I was obsessed with ’69 Love Songs’ years before I knew anything much about it.
I was 16, browsing aimlessly in my local CD shop – this was during that cracked plastic era both before and after vinyl – and couldn’t help but be taken by its majestic presence near the front of the store: the stark, stylised artwork with that yin yang number on the front; the fact that it was three CDs crammed with songs all dealing in the most universal of concepts; the impossibly high price point (can’t remember exactly, but there’s no way I was dropping that much money on an unlistened whim); even the lyric booklet, which I read from front to back while the owner no doubt stared angrily and then tried to sell me one of those CD-cleaner kits that nobody bought and every store stocked. I read bits and pieces about this ambitious album over the years until I finally bought it. It’s a hard slog, cycling through genres without regard for sequencing, and I cherry-picked a few favourites, and largely ignored the rest.
Throughout the years, I found different songs appealed to me at different times; often I would hear a snippet of something in a random place, and make a note of some lyrics to later search out whatever this beacon of truth was. Quite often it was from this album, and I’d dig it out once again, play that song to death, and discover a handful of new favourites. I changed and it stayed the same. It was its own rich catalogue – complete and neat.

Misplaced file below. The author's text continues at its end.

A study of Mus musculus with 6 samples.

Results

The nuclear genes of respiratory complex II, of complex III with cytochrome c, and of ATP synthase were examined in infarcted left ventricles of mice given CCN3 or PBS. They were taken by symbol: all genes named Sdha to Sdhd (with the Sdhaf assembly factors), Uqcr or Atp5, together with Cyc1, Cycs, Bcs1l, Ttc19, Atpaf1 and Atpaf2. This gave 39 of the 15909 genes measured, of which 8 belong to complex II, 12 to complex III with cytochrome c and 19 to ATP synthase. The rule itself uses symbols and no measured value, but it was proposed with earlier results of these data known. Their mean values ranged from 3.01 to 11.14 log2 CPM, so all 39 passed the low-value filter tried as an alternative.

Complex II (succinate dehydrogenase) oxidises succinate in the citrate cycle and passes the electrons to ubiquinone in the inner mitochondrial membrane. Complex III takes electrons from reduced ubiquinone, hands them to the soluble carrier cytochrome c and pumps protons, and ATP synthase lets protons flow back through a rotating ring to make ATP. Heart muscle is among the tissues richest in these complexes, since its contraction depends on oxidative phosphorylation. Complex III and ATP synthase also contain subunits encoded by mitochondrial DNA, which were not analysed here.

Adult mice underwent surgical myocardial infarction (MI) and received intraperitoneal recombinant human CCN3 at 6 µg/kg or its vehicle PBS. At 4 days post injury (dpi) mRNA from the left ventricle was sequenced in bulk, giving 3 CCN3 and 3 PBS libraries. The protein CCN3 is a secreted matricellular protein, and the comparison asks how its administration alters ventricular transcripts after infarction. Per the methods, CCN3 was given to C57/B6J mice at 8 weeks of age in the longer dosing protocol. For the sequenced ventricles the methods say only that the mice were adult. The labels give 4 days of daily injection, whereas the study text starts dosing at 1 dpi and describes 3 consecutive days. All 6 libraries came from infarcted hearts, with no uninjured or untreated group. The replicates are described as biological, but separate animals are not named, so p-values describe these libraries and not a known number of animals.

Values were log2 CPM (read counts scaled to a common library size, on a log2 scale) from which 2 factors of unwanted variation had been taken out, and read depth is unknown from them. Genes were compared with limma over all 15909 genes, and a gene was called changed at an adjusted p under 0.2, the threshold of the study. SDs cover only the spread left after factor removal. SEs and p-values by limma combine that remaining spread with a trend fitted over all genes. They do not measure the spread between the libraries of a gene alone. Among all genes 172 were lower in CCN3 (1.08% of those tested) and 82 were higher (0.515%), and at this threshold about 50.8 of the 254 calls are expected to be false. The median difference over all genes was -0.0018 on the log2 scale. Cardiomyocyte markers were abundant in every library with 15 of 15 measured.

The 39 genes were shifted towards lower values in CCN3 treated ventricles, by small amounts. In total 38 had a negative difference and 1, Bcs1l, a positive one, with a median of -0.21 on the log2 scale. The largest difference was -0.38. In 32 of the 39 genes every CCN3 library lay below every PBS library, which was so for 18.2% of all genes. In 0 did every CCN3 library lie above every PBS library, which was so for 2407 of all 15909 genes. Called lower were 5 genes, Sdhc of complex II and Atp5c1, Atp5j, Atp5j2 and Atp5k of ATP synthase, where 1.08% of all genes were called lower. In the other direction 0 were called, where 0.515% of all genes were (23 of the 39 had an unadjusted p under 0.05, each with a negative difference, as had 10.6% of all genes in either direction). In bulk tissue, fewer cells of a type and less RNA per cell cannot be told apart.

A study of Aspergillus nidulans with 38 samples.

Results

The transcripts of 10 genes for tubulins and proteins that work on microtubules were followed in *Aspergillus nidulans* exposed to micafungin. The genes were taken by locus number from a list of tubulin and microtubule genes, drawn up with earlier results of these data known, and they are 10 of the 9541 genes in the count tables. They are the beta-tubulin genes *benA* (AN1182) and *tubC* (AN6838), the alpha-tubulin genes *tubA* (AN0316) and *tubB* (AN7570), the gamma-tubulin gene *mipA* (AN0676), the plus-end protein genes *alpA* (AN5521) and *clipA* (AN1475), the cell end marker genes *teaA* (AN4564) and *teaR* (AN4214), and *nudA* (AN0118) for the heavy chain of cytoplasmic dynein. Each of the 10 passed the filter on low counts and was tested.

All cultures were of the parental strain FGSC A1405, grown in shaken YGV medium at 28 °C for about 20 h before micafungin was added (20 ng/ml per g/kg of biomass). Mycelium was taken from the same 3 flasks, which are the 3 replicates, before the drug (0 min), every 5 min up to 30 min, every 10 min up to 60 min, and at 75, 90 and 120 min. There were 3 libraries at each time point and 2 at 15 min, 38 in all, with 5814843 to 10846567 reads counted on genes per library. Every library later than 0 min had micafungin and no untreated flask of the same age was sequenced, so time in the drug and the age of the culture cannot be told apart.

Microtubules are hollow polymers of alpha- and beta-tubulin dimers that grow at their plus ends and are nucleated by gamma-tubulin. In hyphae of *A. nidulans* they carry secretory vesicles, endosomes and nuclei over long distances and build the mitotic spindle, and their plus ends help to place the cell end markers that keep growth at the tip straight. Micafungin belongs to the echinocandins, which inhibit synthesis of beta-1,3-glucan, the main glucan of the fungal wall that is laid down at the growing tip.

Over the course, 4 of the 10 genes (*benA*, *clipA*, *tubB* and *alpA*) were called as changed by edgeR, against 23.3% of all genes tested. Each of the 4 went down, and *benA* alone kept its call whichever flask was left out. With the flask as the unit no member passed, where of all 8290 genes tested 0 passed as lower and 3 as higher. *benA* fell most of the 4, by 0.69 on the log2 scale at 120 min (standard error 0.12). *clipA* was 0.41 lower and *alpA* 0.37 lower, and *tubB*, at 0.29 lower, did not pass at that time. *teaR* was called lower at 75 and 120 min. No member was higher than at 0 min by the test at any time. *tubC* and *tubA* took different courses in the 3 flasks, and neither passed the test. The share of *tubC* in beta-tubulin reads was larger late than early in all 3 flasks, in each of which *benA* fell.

The concept for ’69 Love Songs’ began as an attempt by Stephin Merritt – the sole songwriter of the group – to compose a Sondheim-style theatre revue consisting of 100 love songs, inspired in part by Charles Ives’ 114 Songs, which he abandoned after releasing how epic an undertaking that would be. The idea morphed into an album – and subconsciously inspired this project, something I am only just realising while typing this, but hey!
Of course, despite being a down-scaling of his original vision, you can hardly call a triple-disc concept album containing 69 songs of wildly varying genres and moods anything but ambitious, and it’s an incredible collection with a high strike rate. Claymation pioneer Peter Gabriel later covered the lovely ‘Book Of Love’, opening Merritt’s songwriting up to an entirely new audience. He has a deep catalogue outside of this collection – as if this album wasn’t daunting enough.
‘I Don’t Want To Get Over You’ is one of the album’s standouts. It deals with Merritt’s refusal to stop wallowing in heartache, despite the knowledge that these feelings can be deadened a number of ways: sleeping pills; Prozac; an indiscriminate fling; delving into dark French philosophy; buying into the therapy he pays silly money for – they are all solutions, albeit band-aid ones. It doesn’t matter. He isn’t there yet.
One interesting thing to note about this song is that he doesn’t necessarily want to reignite the relationship, he just doesn’t want to let go of his love – and pain – just yet. He recognises that once the feelings fade, what they once had will be completely over; while ever he is holding onto this flame, there remains a bond.
The feeling in his stomach is the only remaining visceral sign their love ever existed – and Merritt isn’t ready or willing to give that away just so he can sleep at night.